What are the Types of Bankruptcy in the US?

Although, there are many types of bankruptcy, the common goal of all of them is to help the person or business filing for bankruptcy get back on their feet and become a valuable asset to society again.

Bankruptcy is filed on the state level. This makes the process of the various types of bankruptcy a bit more difficult to understand because the exact filing procedures and requirements can vary from state to state.

Nevertheless, following is a summary of the most popular types of bankruptcy recognized in the United States under the bankruptcy code:

1. Chapter 7 Bankruptcy

This is the most common type of bankruptcy filed by individuals. The net effect of filing for this type of bankruptcy is to liquidate as much of your assets as possible in order to pay back your creditors and forgive the rest of your debt. Of all the  types of bankruptcy, this type offers the most potential financial relief for the creditors. Although a business can file under Chapter 7, it would be a highly unusual process as this type of filing would force them to give up most of their assets and generally destroy the company. After filing for this type of bankruptcy, any monies earned by the person after this, cannot be touched by his former creditors.

2. Chapter 11 Bankruptcy

When a business files for bankruptcy, it is almost a certainty that they are filing under Chapter 11 bankruptcy rules. Businesses can use this type of bankruptcy during to reorganize their debt until it paid off or renegotiated again. This is very beneficial for the company as it allows them to remain in business until their financial house is back in order. This is also good for the community and the country as a whole. Because the business is still intact, it allows employees to keep their jobs, services to be provided to customers uninterrupted, and the company itself to keep ownership of all its assets.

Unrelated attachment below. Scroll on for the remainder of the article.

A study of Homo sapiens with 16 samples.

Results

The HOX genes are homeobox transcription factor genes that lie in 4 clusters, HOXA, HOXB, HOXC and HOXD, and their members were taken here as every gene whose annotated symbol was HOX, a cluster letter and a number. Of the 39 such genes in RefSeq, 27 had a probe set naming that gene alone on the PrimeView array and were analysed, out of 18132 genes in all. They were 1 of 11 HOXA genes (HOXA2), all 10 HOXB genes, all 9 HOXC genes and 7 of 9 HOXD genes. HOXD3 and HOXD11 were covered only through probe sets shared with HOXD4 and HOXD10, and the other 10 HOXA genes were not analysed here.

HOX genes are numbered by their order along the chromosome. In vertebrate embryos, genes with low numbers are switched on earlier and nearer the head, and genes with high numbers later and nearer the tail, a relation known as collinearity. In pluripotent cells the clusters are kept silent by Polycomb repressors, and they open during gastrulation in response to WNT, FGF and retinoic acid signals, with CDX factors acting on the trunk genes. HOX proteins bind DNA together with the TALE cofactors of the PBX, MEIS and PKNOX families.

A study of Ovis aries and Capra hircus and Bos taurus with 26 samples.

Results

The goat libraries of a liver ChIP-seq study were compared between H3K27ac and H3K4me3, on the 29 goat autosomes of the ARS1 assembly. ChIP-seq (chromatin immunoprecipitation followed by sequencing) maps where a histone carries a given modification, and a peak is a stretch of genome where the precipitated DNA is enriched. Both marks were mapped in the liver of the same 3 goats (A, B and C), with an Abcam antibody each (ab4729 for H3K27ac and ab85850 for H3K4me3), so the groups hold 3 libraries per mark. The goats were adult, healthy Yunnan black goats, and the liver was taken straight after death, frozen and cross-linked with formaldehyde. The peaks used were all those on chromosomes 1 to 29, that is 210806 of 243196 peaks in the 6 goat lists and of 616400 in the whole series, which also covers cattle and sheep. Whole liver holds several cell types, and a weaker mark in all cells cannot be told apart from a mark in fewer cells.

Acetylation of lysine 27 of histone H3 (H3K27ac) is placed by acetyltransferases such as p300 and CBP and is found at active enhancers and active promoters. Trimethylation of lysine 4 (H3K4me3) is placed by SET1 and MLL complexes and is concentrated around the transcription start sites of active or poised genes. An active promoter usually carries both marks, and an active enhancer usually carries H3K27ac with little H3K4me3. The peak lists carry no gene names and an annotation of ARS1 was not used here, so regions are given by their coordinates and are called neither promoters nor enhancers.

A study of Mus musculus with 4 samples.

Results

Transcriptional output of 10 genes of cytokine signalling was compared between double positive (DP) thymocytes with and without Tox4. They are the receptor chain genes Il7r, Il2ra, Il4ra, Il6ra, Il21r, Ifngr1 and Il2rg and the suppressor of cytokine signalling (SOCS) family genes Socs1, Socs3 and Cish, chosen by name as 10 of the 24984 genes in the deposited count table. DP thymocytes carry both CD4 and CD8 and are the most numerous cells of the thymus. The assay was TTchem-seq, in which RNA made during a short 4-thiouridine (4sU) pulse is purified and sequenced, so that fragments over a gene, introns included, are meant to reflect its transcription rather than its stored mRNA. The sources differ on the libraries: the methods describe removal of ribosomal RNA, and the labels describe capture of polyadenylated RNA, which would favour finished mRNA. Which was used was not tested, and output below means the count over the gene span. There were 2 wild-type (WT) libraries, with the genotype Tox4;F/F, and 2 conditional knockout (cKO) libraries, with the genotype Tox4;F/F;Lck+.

3. Chapter 13 Bankruptcy

This is an alternative type of bankruptcy that some individuals file for instead of Chapter 7. In addition, sometimes the person does not meet the income eligibility requirements for Chapter 7, in which case he will have no option except to file under Chapter 13. Under this type of filing all debts are required to be paid off over a three to five year period, supervised by a trustee of the court. In essence, it is like a modified re-payment plan where the debtor retains control of his assets. Instead of sending payments to his creditors, however, he will send them to the court trustee who will disburse them to the appropriate creditor.

4. Chapter 12 Bankruptcy

This type of bankruptcy was designed for owners of family farms and fishermen. Similar to a Chapter 11 filing, it allows the debtors to keep ownership and control of their assets. It then modifies the repayment plan so that the debts are paid off within the standard three to five year time span. The court may, at its discretion, discharge some of the debts if deemed necessary.